Upstream with the Bears of Blue River 

Members of This Story move to Chicago, form new band

When The Bears of Blue River close their debut EP, The Killer Bee Scare, by warning, "Don't waste your time on me," don't take them seriously.

On Killer Bee, Bears frontman Gavin Wilkinson set out to make an album with melodies that stick in your head. He succeeded. His band has crafted an indie folk-pop gem that blends styles ranging from the mid-century styles of Johnny and June Carter Cash to Simon and Garfunkel, Roy Orbison to Frankie Lymon.

The Bears will celebrate the release of the EP Wednesday night at the Earth House, kicking off a two-month tour that will take them around the Midwest, the East Coast and deep into the South.

A new story

Gavin Wilkinson spent most of his high school years leading the Muncie folk band This Story. When the band split up in February 2008, it was like a musical graduation for Wilkinson. And like so many graduates, he spent the following months adrift, having fun but not committing to any particular venture.

Instead, Wilkinson played supporting roles in his friends' bands. He observed group dynamics and began to understand how songwriting works. "I gained a better grasp on how important each element of a song is," he says. "I realized it was OK for a song to be sparse - that not a lot has to be going on to make a great song."

In his spare time, he toyed around with his own songs. "I wanted to create something that stuck in peoples' heads long after they heard it," he says. He spent time studying indelible songs by '60s one-hit wonders, trying to replicate their appealing melodies.

The group of friends Wilkinson played his new songs with slowly grew. Old This Story band mates such as multi-instrumentalist Justin Spring and bassist Joey Patrick joined him and new friends Ben Janz and Brian Swoverland rounded out the line up. But the band was missing a strong female voice.

A new voice

Wilkinson met Maggie Gard while working at a Jimmy Johns near the Ball State campus. The photojournalism student stopped in regularly and struck up a friendship with Wilkinson. One day, she sent him a video of her playing guitar and singing. "I was blown away by her voice," he says. He insisted they play music together.

Wilkinson has an uncanny ability at finding female backing vocalists to compliment his gravelly lead vocals. They become characters in his songs, driving the lyrical narrative and creating conflict. In This Story, Rachel Weidner and Laura Relyea's beautiful voices countered Wilkinson's gruff, urgent vocals. But where Weidner and Relyea talked Wilkinson back from the edge, Gard delivers a hard smack to his face. There is a sage quality to her husky vocals and she tells it like it is. Underneath it all, though, Wilkinson and Gard's vocal relationship is full of flirtatious fun.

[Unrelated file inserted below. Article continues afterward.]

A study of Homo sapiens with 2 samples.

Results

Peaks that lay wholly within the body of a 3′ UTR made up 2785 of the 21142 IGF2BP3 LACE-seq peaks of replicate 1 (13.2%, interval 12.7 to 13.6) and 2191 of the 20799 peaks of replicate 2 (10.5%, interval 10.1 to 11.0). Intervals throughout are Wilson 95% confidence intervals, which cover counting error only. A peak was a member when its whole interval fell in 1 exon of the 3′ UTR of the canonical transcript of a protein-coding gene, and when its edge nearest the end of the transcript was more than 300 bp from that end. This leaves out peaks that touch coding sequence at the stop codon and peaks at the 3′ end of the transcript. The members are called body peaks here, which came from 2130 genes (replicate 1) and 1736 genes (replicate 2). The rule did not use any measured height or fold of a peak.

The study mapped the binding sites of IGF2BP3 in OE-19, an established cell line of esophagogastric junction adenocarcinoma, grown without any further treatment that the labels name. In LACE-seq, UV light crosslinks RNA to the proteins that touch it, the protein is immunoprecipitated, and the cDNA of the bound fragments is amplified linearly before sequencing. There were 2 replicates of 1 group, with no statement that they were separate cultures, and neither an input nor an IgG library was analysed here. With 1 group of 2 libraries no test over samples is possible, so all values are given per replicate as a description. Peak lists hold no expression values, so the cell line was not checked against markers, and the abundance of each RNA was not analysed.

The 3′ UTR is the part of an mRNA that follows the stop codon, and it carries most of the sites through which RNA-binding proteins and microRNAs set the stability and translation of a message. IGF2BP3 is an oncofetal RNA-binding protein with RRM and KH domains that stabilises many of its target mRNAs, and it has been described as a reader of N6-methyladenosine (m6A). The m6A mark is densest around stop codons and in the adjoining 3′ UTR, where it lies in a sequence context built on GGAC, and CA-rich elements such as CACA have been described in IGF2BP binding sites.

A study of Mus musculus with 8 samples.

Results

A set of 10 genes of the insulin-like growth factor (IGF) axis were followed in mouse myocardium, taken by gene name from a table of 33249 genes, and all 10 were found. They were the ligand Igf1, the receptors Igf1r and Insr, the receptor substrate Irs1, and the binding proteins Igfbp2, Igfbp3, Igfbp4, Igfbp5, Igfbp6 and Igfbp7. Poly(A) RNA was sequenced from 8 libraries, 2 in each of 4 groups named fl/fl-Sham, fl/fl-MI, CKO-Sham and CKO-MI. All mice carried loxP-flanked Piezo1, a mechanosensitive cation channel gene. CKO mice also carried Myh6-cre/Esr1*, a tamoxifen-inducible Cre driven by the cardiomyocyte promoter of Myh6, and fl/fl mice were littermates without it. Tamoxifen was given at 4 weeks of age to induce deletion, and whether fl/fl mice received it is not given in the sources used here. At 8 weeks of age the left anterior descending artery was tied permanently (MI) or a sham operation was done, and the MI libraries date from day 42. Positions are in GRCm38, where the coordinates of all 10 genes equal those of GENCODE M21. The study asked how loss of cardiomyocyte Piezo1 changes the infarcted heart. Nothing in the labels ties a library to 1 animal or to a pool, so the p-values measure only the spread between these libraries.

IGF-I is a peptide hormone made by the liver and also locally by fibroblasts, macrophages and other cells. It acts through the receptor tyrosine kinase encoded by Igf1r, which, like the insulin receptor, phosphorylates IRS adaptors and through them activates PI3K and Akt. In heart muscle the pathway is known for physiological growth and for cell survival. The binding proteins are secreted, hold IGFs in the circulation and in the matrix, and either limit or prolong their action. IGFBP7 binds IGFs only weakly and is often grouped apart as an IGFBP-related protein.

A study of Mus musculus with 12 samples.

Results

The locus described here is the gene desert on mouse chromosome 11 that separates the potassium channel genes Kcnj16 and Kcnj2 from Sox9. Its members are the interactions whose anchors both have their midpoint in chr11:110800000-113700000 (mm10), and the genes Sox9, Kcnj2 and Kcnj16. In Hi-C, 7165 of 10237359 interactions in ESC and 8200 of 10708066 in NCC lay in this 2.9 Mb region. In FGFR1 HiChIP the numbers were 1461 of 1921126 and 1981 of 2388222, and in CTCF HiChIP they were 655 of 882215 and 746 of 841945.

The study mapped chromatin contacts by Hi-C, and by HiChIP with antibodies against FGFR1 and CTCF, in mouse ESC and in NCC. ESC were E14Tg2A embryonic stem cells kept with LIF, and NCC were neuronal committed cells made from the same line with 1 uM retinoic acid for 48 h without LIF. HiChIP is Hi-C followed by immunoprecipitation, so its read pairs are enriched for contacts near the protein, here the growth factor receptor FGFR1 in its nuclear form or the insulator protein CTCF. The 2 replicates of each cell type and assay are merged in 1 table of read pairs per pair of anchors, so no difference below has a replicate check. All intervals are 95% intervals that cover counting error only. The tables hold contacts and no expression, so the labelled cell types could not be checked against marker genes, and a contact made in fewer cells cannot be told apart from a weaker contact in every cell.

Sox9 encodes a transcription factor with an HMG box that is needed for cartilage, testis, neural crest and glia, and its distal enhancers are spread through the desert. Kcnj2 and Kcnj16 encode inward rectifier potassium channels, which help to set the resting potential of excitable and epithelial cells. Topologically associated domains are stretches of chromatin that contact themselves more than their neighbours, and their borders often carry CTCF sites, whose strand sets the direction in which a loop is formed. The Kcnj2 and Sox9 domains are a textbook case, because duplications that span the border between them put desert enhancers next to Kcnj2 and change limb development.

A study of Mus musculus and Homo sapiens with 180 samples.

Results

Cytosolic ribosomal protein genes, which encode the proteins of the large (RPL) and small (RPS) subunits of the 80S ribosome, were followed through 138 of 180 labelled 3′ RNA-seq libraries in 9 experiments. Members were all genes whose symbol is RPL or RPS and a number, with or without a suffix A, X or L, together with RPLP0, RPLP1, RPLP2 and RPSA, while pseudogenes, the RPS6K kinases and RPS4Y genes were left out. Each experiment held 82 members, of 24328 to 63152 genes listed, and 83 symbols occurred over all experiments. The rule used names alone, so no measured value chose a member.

But Gard was a raw talent and Wilkinson recalls that she was unsure of herself. When it came to recording the EP, she was able to use her time in the studio to grow into her voice.

A new album

If the end of This Story was a graduation, recording The Killer Bee Scare was the first semester of college for Wilkinson. Acting as his professors were Margot & the Nuclear So and So's Richard Edwards and Tyler Watkins.

Wilkinson moved to Chicago and lived down the street from Edwards. When it came time to record the EP, Wilkinson asked Edwards to produce the album and Watkins to be the engineer. They advised him to record acoustic demos, and when those tracks were completed, Edwards sat on his porch and listened to them with Wilkinson.

Edwards taught Wilkinson how to search for the best musical ideas in his demos and then develop and structure those moments. "Something as simple as a stronger arrangement made him excited to work on the thing again, and when it was done, I think he sometimes had a hard time believing that it had existed in such a completely different state just days before," says Edwards. "He's very eager to get better, so sitting on a porch with him, destroying this thing he's written in order to, hopefully, make it stronger, was actually an enjoyable process."

"They allowed me to be a student and learn as much from them as possible," says Wilkinson.

The benefits of his musical education are evident on The Killer Bee Scare, with five catchy songs that linger in your mind. Along with Gard's show-stealing vocals, Patrick becomes a musical tailor, weaving his bass through the melodies like thread, pulling all the elements together into a cohesive unit while also giving the songs a buoyant boost. Wilkinson ditches the somber mood that drove This Story and replaces it with a lighter introspection on relationships and age. Finally, his male band mates come together and drape the compositions with doo-wop harmonies, a perfect element to an already pleasurable listening experience.

"I can't wait to get the album out there," Wilkinson says. "I've never dedicated so much time to a project before."